Blind Betrayal is a Christian romantic suspense novel by Nancy Mehl. U.S. Marshals Casey Sloane, Doug Howard, and E.J. Queen must escort witness Valerie Bennett from St. Louis to Washington D.C. However, their path is anything but smooth. Bombs, fake agents, and a their own interpersonal drama make for a road trip full of obstacles. In the end, they all may not even make it to D.C. alive.

When the St. Louis Marshall’s office is bombed, Sloane, Howard, and Queen must go off-grid in case the attack is directly related to their witness. They ditch their phones and take a personal vehicle, heading toward the house of their boss’ late ex-wife to meet the FBI.20180523_094131

Back in St. Louis, their boss, Richard Batterson, survives the bombing. Though injured, he coordinates getting his marshalls safely out of town. However, he is one phone call short of finishing the plans when he is knocked out.

Amid all the dangers, Casey Sloane and E.J. Queen have a tension-filled past that threatens to distract them from the task-at-hand. They like each other, but their past actions toward one another left their angry. Will they get separated – or worse, die – before they can work out their differences?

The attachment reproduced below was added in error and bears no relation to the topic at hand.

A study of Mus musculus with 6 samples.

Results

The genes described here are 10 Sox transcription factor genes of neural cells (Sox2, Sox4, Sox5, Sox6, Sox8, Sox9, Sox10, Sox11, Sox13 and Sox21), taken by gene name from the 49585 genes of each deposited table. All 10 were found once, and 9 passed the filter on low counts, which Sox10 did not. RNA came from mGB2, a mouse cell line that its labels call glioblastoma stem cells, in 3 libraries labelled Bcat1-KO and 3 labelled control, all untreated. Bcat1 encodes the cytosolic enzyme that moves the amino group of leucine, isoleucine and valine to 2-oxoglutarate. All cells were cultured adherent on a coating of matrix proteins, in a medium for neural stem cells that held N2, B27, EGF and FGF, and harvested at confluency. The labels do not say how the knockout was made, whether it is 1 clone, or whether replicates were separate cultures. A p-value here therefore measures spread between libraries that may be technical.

While Blind Betrayal is full of intrigue, I found several of the plot twists predictable. It was also challenging to invest in the characters since the point of view kept skipping between a handful of characters. I enjoyed the drama between Sloane and Queen, yet I kept feeling as if their full story was covered in a different book (Blind Betrayal is book three in the Defenders of Justice series).

Overall, I wanted to like Blind Betrayal, but it never got traction. It left me wishing for more depth, either from the spiritual or personal struggles of the characters or from the action itself. Despite the downsides, Blind Betrayal was a light, easy read. Perhaps you will enjoy it more than I did.

Disclosure of Material Connection: I received this book free from Bethany House Publishers in order to provide an honest review. I was not required to write a positive review. The opinions I have expressed are my own. I am disclosing this in accordance with the Federal Trade Commission’s 16 CFR, Part 255: “Guides Concerning the Use of Endorsements and Testimonials in Advertising.”